Payment Matters

CMS issued its first set of FAQs on the new 2 midnight inpatient admission standards [PDF] on September 26. In those FAQs, CMS stated:

  • Medicare Administrative Contractors (MACs) and Recovery Auditors are not to review claims spanning more than two midnights after admission for a determination of whether the inpatient admission was appropriate.
    Ober|Kaler's Comments: Expect audit of inpatient admissions for one night stays. If a patient is in outpatient status, e.g., receiving observation services, over one midnight and then is admitted as an inpatient for one night, the 2-midnight standard would be met, as CMS has indicated that time receiving outpatient observation services counts for determining a 2 midnight stay. So it is important that the medical record clearly document the outpatient observation services over the first midnight. In addition, despite this statement of instruction, MACs and Recovery Auditors are authorized to audit providers where there are two documented midnights, if the auditor believes there is an intent to game the system. 
  • For a period of 90 days, Recover Auditors are not permitted to review inpatient admissions of one midnight or less that begin on or after October 1, 2013.  

    Ober|Kaler's Comments: This doesn’t mean the Recover Auditors won’t eventually be auditing dates of service beginning October 1. It just means they won’t be doing so in the next 90 days. 
  • Review contractors should evaluate the physician’s expectation that care will include at least two midnights in the hospital, based on the information available to the practitioner at the time of the admission decision.  

    Ober|Kaler's Comments: Although CMS expresses this as a confirmation of its existing policy, anyone who has defended disallowances of inpatient admissions knows that the contractors often look to subsequent patient developments to defend their disallowance of an inpatient stay. CMS’s clear statement of its policy should be helpful to providers going forward. 
  • In the furtherance of education to providers, MACs are instructed to audit a probe sample of 10-25 inpatient claims that span less than two midnights with dates of admission from October 1, 2013 through December 31, 2013. Since the review is on a prepayment basis, CMS instructs that hospitals can rebill any denied inpatient admissions.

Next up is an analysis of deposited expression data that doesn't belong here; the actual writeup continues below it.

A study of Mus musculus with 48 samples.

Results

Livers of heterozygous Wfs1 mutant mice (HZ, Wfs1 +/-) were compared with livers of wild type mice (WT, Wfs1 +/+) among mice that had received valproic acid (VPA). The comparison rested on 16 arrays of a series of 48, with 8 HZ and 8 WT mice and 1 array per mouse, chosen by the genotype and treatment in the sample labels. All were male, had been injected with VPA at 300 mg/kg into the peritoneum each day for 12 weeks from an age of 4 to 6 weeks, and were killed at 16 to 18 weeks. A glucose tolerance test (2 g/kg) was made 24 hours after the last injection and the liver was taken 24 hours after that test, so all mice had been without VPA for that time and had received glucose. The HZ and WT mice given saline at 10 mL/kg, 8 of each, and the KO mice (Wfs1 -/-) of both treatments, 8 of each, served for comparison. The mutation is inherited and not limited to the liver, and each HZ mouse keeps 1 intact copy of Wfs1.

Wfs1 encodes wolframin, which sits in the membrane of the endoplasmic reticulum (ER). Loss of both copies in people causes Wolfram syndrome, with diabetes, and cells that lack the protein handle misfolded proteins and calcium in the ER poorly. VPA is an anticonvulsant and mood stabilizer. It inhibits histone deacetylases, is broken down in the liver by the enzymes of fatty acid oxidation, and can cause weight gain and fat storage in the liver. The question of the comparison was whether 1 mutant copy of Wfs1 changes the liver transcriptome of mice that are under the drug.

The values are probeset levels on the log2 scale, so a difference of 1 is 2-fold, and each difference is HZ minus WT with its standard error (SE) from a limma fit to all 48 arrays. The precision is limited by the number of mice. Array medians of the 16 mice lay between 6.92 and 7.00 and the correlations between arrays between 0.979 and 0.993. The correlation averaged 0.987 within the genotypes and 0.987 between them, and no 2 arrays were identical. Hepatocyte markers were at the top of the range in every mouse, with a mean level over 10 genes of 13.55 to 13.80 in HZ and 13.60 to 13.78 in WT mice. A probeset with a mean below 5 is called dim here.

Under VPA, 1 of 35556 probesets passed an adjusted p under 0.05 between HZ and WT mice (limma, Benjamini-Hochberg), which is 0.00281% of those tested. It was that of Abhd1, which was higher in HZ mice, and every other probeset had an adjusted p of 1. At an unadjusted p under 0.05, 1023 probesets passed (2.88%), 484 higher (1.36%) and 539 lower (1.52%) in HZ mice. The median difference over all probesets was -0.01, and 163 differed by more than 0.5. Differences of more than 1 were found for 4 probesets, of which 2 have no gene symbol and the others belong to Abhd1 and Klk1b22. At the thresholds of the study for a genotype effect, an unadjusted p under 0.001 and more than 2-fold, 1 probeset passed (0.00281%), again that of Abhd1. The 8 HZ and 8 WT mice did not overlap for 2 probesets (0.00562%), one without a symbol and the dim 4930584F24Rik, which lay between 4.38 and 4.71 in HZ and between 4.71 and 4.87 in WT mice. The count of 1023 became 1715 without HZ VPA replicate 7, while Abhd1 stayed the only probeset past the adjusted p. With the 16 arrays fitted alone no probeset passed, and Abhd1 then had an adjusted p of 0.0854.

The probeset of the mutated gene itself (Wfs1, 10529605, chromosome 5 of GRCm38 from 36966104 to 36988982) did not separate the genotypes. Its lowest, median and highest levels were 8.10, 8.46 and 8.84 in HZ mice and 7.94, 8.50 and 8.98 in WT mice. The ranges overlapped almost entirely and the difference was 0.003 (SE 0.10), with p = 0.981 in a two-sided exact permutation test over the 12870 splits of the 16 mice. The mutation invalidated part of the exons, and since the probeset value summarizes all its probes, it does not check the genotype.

Ober|Kaler's Comments: These reviews will encompass only patients who have been discharged so there will be no opportunity to rebill for services that can be performed only on an outpatient basis, such as observation services, since the Code 44 rules that would allow such billing cannot be met post-discharge. 
  • If the MAC audit identifies no issues in the probe audit, the MAC is instructed not to further audit this period unless there is a change in billing patterns. If the MAC identifies issues, it is to conduct education for that hospital and follow-up as necessary.  

    Ober|Kaler's Comments: As of the publication of this article, the new rule applies. Providers have not been given much time to put in place major systemic changes and education of their physicians and utilization review staff of the new rules, many aspects of which are still not clear as CMS continues to advise the industry that it will issue guidance “some time this fall.” Providers should document their efforts to bring their organizations into compliance, so that any shortcomings that may be found by Medicare auditors cannot be attributed to legitimate assertions that it was due to a culture of being insensitive to complying with the new rules. 

See our earlier related Payment Matters articles: “CMS Issues Inpatient Admission Order and Certification Guidance” and “CMS Adopts Final Rules for Inpatient Admissions and Inpatient Part B Billing.”